Earlier this year, Wargaming ventured into unusual territory by publishing the very untanklike Pagan Online, a MMO that straddles the line between Diablo and Warframe. It wasn't available in Australia or New Zealand when it first went into early access, but those doors opened during the madness of E3 week, and the developers held a briefing with local media to outline where the game was headed.
Pitched as a reinvention of hack and slash ARPGs, Pagan Online has a pretty simple premise. You make a character from a series of classes — they're a little like League of Legends characters, with their own, spells and abilities that remain fixed for perpetuity. Istok is a giant tank with a hammer akin to Reinhardt; Morokh is a decrepit assassin with a scythe, who functions more or less how you'd expect a bony Reaper to.
What surprised me most about Pagan Online, a new action role-playing game that launched on Steam Early Access last week, was how meaty the moment-to-moment fighting felt. When I launched an attack and connected with a wave of enemies, it really felt like I was messing up their day.
A key difference with the gameplay is the control system. Rather than clicking on the ground and then using abilities at will, much like Diablo, the character's movement is controlled through a FPS-like WASD system. Abilities then fire out from the direction that the character is facing. It's a little more like MOBA controls than a standard ARPG, adding a slightly higher skill ceiling into a genre that has traditionally been built around positioning, loadouts and min-maxing of characters.
The campaign itself carries out over five acts, with each act having about two or three missions from what was shown. There's separate missions and "assassination" boss battles outside of that, which the player can grind through for extra loot. The current early access build offers solo and co-op for up to two players, although a lot of the core features are still being built out (like a Destiny-esque vendor who holds any loot you didn't pick up between missions). Each of the level layouts and enemies are procedurally generated, as well as the challenges that appear throughout each level.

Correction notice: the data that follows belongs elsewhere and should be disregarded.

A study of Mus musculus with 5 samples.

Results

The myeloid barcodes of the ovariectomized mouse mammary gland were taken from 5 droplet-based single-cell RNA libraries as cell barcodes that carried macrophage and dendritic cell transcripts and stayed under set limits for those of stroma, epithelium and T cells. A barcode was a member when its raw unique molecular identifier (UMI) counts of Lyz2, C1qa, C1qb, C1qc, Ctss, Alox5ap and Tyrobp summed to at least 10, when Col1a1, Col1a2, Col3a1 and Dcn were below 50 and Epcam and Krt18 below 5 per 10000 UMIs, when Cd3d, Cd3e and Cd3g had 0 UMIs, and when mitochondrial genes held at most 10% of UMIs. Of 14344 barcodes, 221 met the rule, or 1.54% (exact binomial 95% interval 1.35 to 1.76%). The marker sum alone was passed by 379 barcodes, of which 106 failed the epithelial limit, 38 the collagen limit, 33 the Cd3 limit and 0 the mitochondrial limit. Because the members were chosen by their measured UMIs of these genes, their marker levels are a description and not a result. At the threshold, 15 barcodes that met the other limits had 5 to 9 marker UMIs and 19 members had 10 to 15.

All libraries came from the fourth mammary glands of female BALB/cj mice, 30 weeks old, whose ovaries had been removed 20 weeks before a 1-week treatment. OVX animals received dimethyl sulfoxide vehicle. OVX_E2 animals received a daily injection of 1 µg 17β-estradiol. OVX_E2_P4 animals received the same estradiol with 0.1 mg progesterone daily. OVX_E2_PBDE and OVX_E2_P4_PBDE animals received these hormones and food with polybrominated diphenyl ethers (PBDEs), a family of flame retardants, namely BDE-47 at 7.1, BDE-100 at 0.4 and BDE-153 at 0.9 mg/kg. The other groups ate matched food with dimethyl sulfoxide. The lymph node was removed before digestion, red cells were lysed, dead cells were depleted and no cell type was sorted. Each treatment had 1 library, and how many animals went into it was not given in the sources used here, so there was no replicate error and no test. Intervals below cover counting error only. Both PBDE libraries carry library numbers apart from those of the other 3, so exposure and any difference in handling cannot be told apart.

Missions are launched from a central hub, the Pantheon dimension where the Gods reside. The levels themselves aren't connected — there's no open world or transitions from one location to other in-game. But Pagan Online is designed to be digestible, even though press were told that the full story campaign would take about 50 hours to work through at launch, although each level should only take around 10 to 15 minutes.
The developers also spoke about the game's Slavic origins, although they stressed that it wasn't leaning into some of the more horrific elements from Slavic mythology.
"The elements of that design are from the Slavic mythology; for example, if you see Baba Yaga, she stole children in Slavic mythology, she's got that basket head, you're going to see her as one of the enemies in the game, she's going to be throwing food from kids at you, and you're going to look at a lot of these in terms of examples, lore, design and abilities itself," Uros Banjesevic, founder and chief creative officer of Mad Head Games, said.
I asked about what the general roadmap for Pagan Online was, given Wargaming's focus as a games-as-a-service publisher. Jacob Beucler, product director at Wargaming America, explained that the content cadence would be quarterly for major updates.
"It's not easy [turning an ARPG into a service]," Beucler said. "You have to have great core loops, you have to build it intelligently, you have to build it for your audience and pay attention to your audience. That's why early access works for us, to be fair — it's rough around the edges, we know that. The balance is a longways from where it should be. So we think a really highly iterative approach to delivering this product, and doing that is the challenge," he said.
A key note is that while Pagan Online has regional servers, those servers won't be based in Australia. The developers confirmed that Australians and New Zealanders would connect to Pagan Online through servers in Singapore, an experience fans of other Wargaming games know well (World of Tanks only got an Australian server in 2018, with the server operating 24/7 since mid-2019, and Australians connecting to the SEA server in Hong Kong if they want a larger player base).
Pagan Online is currently live for Australians and New Zealanders through Wargaming.net and Steam for $30. A full 1.0 launch is due later this year.
Clarification: Added note that the Australian WoT server is now operating 24/7, while the SEA WoT server has been relocated to Hong Kong, having been previously based in Singapore.